Disabilities advocate, former member and Vice Chair of the West Hollywood DisAbility Advisory Board (DAB), Michael Arrigo, passed away this past Wednesday, September 27, 2022. He passed shortly after his 66th birthday on September 21st, and just days away from the launch of Disabilities Awareness Month in October.
According to a source, Arrigo was chronically ill. He suffered from advanced complications of liver cancer. He also developed a severe lung infection. Life-living care was removed last week and he passed away Wednesday evening at roughly 8:40 p.m. at Kaiser Hospital.
Arrigo is remembered for his positive energy and resilience despite having multiple disabilities. He was awarded the DisAbilities Advocate Award by the DAB in 2007 and a banner with his name and likeness hang on Santa Monica Boulevard each year during DisAbilities Awareness Month.
“Michael had his own sweep of multiple disAbilities, any one of which would have been a challenge for many people,” DAB member and friend, Rick Watts, told WEHO TIMES. “He had Parkinson’s Disease, which is progressive and there’s no cure, and was himself a longtime HIV/AIDS survivor…he also had partial blindness. I met him at a training function that had been sponsored by Project New Hope, which provided services for the HIV afflicted communities… he was a very gentle soul, well informed, and amazingly positive, given everything he was dealing with health-wise over the years, even during his periods of homelessness.”
Arrigo was a member of The Access Board, an independent federal agency that promotes equality for people with disabilities. He served as a liaison between Access and DAB. Through that partnership Arrigo lead the way in getting the city of West Hollywood to add a number of crosswalks in the city, including one by Plummer Park. He lead the way to crosswalk safety, lighting, signage and striping. He was also on the speaker’s bureau for Being Alive, an HIV/AIDS organization, and he hosted a question and answers local public access show called Living Well with HIV, which won the Disability Service Award in the Media category in 2009.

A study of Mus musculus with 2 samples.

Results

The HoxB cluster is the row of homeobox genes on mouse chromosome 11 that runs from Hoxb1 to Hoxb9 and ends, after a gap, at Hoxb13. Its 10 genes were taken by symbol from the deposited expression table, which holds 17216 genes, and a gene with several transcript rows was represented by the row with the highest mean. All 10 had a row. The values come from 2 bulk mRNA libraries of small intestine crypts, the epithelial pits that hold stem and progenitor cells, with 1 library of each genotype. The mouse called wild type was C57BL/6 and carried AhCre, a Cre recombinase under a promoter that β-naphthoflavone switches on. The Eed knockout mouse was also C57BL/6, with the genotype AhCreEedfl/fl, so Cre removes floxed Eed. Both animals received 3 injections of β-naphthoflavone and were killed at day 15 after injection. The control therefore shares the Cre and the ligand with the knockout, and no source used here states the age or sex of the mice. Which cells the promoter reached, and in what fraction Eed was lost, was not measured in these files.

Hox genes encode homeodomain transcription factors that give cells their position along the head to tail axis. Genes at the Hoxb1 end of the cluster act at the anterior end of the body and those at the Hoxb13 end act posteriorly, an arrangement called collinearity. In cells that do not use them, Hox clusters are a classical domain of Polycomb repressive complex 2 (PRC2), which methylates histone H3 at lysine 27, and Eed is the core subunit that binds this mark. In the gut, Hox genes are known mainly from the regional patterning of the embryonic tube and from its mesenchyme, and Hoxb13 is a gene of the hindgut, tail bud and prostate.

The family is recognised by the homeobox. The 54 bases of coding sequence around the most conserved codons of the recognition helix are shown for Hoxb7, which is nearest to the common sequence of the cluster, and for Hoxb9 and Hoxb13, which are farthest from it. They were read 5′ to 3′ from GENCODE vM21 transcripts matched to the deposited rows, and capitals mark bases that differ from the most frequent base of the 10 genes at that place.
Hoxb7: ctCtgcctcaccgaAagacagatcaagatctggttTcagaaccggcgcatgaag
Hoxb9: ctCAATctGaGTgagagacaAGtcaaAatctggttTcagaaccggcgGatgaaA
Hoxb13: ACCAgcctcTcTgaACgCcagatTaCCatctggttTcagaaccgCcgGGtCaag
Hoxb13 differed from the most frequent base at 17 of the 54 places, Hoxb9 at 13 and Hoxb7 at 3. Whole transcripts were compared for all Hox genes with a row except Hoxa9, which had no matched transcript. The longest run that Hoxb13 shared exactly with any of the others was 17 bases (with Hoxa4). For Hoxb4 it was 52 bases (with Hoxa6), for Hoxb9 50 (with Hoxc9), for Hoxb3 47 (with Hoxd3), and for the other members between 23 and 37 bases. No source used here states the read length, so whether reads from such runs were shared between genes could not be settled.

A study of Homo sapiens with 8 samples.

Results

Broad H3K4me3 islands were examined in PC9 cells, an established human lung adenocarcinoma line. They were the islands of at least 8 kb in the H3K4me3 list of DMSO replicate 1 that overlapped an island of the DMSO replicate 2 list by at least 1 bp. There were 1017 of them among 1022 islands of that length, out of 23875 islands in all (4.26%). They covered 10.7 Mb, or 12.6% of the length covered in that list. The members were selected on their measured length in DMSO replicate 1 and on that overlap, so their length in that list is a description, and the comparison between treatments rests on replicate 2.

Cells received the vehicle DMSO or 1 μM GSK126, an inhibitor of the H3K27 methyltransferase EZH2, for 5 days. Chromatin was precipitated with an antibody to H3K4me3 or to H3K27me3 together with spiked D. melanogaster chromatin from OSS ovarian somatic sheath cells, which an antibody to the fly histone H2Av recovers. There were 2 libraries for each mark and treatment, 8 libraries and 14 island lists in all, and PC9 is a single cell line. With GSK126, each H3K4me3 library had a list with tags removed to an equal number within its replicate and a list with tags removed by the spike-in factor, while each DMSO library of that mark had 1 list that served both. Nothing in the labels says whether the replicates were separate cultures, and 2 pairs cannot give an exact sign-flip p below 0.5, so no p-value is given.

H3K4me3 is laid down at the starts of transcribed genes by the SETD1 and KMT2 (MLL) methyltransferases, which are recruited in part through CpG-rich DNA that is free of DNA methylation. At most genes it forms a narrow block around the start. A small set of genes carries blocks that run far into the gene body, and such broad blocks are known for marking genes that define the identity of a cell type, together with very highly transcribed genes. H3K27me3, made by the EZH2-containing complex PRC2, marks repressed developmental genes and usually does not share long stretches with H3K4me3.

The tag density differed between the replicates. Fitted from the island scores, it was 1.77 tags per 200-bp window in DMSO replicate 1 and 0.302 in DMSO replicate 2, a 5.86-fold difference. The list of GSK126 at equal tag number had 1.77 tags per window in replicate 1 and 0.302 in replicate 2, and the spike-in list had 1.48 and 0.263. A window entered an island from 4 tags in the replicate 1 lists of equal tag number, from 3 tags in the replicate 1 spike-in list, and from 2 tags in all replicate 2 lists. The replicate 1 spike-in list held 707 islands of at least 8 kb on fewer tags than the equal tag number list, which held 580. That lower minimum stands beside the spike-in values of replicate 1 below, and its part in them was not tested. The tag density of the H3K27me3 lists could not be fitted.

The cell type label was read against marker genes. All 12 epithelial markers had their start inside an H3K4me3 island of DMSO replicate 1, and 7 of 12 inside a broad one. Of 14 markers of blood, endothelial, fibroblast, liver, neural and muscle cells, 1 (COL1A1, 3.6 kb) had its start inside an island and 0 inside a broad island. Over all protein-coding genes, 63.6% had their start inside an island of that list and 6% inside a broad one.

Arrigo, hit financial hardships when the COVID-19 pandemic began. He was evicted from his longtime West Hollywood apartment and he put his belongings into storage. He’d split the cost of a motel room with a friend when he could afford it and he’d spend some nights in a park.
However, in September of last year, he became one of the first residents to move into the Los Angeles LGBT Center’s Ariadne Getty Foundation Senior Housing building at 1127 N. Las Palmas Avenue.
“He had a beautiful spirit,” said DAB board member and longterm resident Yola Dore. “There was something within him that gave him the ability to keep going forward, not back, to do things for others. And that’s what his life was about to me. He was trying to make progress. Early on he was working towards the good with the Americans with DisAbilities Act. People here still don’t understand that. They considered DisAbilities an afterthought. It’s unfortunate. Even though Micheal moved away to Los Angeles, he continued participating.”
“Michael was a gentle warrior and an incredible advocate for the disabled community,” said former DAB Vice Chair, Marco Colantonio, who served with Arrigo in 2015. “I was honored to serve on the DAB with him. He was an inspiration and a tribute to the power of the human spirit proving that obstacles are just opportunities.”
“Michael was a kind and passionate soul,” said former West Hollywood Mayor and council member, John Duran. “He was a fierce advocate for people with disabilities. He served as a Disabilities Advisory Board member for more than a decade.”
This piece with be updated to give details on his memorial service.